Report warns fewer dog wardens could jeopardize public safety

Investigators

HARRISBURG, Pa. (WHTM) – The Department of Agriculture’s annual dog law report has a warning.

The report states that the dog law restricted account will go negative as early as January 2020.

“If the bureau maintains the current financial course, it will no longer be able to keep dogs and the public safe,” the report states. “That means increasingly fewer dog wardens to pick up strays, inspect kennels, or investigate dog bites and illegal kennels.

“It also means the bureau will no longer be able to track dangerous dogs, leaving the public without the information they need to know whether there is a dangerous dog in their neighborhood.”

With January right around the corner, how much money is left?

“Currently, there is $490,000 in that dog law fund,” said Shannon Powers, a Department of Agriculture spokeswoman. “We have made some major adjustments to keep the fund from going negative in January. We have 11 positions we have left vacant and we have put off some IT upgrades.”

According to the report, 87 percent of funds in the account are generated by dog license sales.

“The dog license fees, which are currently at $6.10 for an animal that has been spayed, hasn’t been increased in 23 years, and at the same time, the operating costs have gone up 112%,” Powers said.

In 1997, the Bureau of Dog Law Enforcement had 60 wardens. Personnel costs were $2.5 million and operating costs were $954,458.

In 2019, there are 42 dog wardens. Personnel costs are $4.7 million and operating costs are $2.6 million.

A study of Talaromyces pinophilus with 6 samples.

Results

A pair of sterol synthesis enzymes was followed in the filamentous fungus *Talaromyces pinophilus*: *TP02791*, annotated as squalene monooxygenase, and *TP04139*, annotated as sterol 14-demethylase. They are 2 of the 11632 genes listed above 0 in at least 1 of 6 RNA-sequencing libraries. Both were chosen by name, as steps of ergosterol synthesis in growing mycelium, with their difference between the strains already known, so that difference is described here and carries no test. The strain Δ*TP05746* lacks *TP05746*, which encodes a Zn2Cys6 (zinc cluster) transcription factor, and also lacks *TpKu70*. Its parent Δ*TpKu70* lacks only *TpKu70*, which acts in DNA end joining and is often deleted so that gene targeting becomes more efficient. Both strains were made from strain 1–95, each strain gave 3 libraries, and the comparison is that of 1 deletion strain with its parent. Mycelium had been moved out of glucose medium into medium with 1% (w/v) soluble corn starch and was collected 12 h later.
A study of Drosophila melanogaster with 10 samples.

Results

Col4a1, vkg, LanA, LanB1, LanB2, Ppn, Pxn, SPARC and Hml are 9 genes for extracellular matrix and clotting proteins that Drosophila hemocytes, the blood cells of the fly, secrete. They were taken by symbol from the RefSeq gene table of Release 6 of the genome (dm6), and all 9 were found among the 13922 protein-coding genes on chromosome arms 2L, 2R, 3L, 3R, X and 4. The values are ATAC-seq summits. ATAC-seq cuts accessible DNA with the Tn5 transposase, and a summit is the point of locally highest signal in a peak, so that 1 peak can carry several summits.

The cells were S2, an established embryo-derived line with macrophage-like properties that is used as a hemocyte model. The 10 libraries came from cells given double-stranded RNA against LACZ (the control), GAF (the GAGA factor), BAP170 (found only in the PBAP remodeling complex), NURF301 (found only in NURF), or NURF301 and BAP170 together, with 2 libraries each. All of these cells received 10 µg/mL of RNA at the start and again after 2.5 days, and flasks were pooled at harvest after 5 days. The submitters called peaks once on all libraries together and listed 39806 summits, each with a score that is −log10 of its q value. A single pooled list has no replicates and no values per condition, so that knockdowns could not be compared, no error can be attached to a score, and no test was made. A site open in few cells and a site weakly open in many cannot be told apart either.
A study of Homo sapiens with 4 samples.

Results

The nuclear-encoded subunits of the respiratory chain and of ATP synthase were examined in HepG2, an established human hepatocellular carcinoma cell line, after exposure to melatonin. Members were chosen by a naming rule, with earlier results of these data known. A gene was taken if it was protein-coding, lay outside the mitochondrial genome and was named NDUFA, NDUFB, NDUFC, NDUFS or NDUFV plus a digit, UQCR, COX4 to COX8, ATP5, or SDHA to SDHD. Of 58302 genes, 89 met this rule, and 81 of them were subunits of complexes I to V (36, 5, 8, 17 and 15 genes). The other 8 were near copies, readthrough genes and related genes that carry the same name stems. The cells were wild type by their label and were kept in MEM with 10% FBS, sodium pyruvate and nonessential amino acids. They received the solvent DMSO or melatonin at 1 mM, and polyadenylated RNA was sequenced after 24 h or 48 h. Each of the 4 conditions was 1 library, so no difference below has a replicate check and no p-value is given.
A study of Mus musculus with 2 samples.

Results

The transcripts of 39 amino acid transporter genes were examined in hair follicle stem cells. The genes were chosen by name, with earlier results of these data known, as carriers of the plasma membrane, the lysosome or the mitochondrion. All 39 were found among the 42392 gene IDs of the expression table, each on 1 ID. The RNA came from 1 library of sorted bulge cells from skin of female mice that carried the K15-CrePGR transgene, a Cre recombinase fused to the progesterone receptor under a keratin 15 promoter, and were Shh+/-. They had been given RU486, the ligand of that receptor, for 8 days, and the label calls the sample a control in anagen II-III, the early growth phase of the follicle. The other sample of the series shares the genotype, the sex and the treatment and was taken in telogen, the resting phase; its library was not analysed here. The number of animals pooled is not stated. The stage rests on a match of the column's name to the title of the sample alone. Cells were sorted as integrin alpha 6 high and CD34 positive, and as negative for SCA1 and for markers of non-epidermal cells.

According to the report, the bureau licensed 2,644 kennels in 2018. The law requires inspections twice a year.

“We are doing our best to meet that quota. It takes us longer to get out because we have fewer people to do the work,” Powers said.

Kennel inspections are posted online. Powers says the database is in need of an upgrade.

“We want that transparency to be there, but there are some glitches with the system. It is very old,” said Powers.

It is not clear how long the current funding will last.

“Is it a fix to carry it through to the end of the year? Is it a fix to carry it two years? We would rather have a more permanent solution,” Powers said.

There are several bills at the Capitol that could offer solutions. Senate Bill 663 and House Bill 1504 would raise dog license fees to increase funding.

House Bill 1277 would increase license fees and allow all fines collected to remain in the restricted account, instead of sending fines in excess of $70,000 to the Judicial Computer System Augmentation Account.